Introduction

JavaScript is an extremely flexible programming language that many developers of all types have varying levels of expertise with. What many don't know is that you can use JavaScript on the server side as well as the client side. On the server side it can be used by installing the open source product "Node.js". Node is a powerful utility that can be used to create pure JavaScript servers as well as executing any arbitrary JavaScript code.

We can use Node to run our own shell scripts for creating jobs and utilities to help us manage our linux based servers. This also works on Macs and should work on Windows as well. To get started, you need to install Node on your system, you can start by visiting nodejs.org and following the instructions to install node on your platform.

Installing node is easy on most systems, for instance on ubuntu you will just run the commands:

sudo apt-get install nodejs
sudo apt-get install npm

Once node is installed, you can create a simple shell script easily, just make the first line of the file as follows:

#!/usr/bin/env node

In some cases, such as in Ubuntu, the binary is called nodejs instead of just plain node so you will need to change the line to:

#!/usr/bin/env nodejs

In this tutorial, we will use the extension .js, just to help us know that the script contians JavaScript code and not standard unix shell commands, but you can name the scripts ending with .sh if you wish.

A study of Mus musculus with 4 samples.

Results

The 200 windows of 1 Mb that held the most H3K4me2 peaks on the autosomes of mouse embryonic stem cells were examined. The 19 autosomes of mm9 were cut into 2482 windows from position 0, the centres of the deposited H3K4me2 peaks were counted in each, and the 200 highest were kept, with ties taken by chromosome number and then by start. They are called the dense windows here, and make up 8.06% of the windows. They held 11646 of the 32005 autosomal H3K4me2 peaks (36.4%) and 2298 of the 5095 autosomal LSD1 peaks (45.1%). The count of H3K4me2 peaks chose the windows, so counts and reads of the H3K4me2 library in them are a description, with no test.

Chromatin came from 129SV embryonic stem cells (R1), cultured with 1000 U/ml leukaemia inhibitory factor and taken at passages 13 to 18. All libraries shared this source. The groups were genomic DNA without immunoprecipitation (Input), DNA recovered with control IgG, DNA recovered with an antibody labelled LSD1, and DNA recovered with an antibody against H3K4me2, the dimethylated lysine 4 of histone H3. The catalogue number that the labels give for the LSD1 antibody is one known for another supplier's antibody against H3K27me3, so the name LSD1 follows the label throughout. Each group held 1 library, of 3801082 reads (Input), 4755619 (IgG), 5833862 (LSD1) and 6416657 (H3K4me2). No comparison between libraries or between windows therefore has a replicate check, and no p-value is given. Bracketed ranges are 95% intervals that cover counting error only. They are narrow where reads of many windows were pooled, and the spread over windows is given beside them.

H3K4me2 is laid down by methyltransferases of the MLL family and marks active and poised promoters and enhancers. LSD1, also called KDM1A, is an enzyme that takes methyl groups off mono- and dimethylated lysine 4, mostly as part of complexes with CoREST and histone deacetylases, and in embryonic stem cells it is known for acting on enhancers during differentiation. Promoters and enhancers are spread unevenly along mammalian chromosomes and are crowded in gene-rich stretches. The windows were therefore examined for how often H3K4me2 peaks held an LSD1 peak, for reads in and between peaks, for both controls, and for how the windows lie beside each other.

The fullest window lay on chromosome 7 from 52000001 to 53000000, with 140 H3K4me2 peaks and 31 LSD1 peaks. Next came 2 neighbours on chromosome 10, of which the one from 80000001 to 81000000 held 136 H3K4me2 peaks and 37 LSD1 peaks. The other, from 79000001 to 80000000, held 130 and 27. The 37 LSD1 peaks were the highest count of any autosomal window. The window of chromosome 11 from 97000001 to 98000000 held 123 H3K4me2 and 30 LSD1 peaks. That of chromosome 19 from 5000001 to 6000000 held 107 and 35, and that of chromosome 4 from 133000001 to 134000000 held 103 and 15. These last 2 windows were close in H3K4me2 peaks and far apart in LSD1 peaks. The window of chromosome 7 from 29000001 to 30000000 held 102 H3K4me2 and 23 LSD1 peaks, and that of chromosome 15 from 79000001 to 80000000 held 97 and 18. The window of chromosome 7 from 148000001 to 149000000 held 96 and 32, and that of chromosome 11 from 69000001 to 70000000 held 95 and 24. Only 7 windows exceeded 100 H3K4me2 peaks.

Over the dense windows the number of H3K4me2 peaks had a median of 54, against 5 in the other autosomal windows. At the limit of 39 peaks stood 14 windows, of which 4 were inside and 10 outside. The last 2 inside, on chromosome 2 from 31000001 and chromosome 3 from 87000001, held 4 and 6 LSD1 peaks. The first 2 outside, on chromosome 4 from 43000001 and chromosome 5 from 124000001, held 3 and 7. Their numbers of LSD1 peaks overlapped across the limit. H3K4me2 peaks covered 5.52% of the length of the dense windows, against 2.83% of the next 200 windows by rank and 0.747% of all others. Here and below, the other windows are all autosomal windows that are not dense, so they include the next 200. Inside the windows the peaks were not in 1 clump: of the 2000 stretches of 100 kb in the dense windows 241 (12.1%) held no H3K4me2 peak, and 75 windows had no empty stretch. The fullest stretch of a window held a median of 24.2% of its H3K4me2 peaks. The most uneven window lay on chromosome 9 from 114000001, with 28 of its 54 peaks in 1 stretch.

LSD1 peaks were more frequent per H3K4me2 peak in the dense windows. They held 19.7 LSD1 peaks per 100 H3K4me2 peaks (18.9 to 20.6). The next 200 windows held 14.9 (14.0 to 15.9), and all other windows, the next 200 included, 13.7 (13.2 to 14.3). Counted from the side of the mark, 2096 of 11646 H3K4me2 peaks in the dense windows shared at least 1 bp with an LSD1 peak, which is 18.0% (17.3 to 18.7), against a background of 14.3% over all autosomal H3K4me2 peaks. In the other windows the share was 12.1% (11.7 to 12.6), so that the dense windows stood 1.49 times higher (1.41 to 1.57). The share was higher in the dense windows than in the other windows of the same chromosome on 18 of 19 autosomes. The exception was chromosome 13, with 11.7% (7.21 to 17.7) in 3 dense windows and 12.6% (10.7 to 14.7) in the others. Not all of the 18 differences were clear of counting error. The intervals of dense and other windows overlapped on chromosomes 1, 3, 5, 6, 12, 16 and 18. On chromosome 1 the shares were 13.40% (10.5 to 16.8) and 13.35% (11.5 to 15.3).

The first script that we will use will be a simple script that will output the text "Hello JavaScript". You can use any file editor, personally, I use vi. Create a file named "hello.js" and use the following for its contents:

#!/usr/bin/env node
//This is my first script.

console.log('Hello JavaScript');

Two things you will notice besides the header which we previously discussed. The second line starting with "//" is a comment. Comments are ignored by the interpreter but are very useful when developing large and complex scripts. Everyone forgets what their original logic or intention was when coding a script and it's much easier to read a comment than it is to try to understand large and complex sections of code.

The next thing you will notice is console.log function. This will print text to the console, much line the unix "echo" command. console is an object, which has a function called log which takes a text string as an argument.

Assuming you are running on unix, before we can run this script, we must first make it executable. To do this we will use the unix chmod command:

chmod u+x hello.js

Now our script is executable. This command basically tells unix to set the x (executable) flag for the user level access of the file. Now we are able to run the file. If you don't have "." in your unix PATH environment variable, then you will need to proceed the name of the script with "./" to execute it. It is generally considered to be a security risk to put "." in your PATH evironment variable, so we will assume that you don't have it. Now you can execute your script by using the following command:

./hello.js

You will see the text "Hello JavaScript" output to the console, congratulations, you have created your first JavaScript shell script! Now you can move on to the next topic where we will discuss using variables in JavaScript.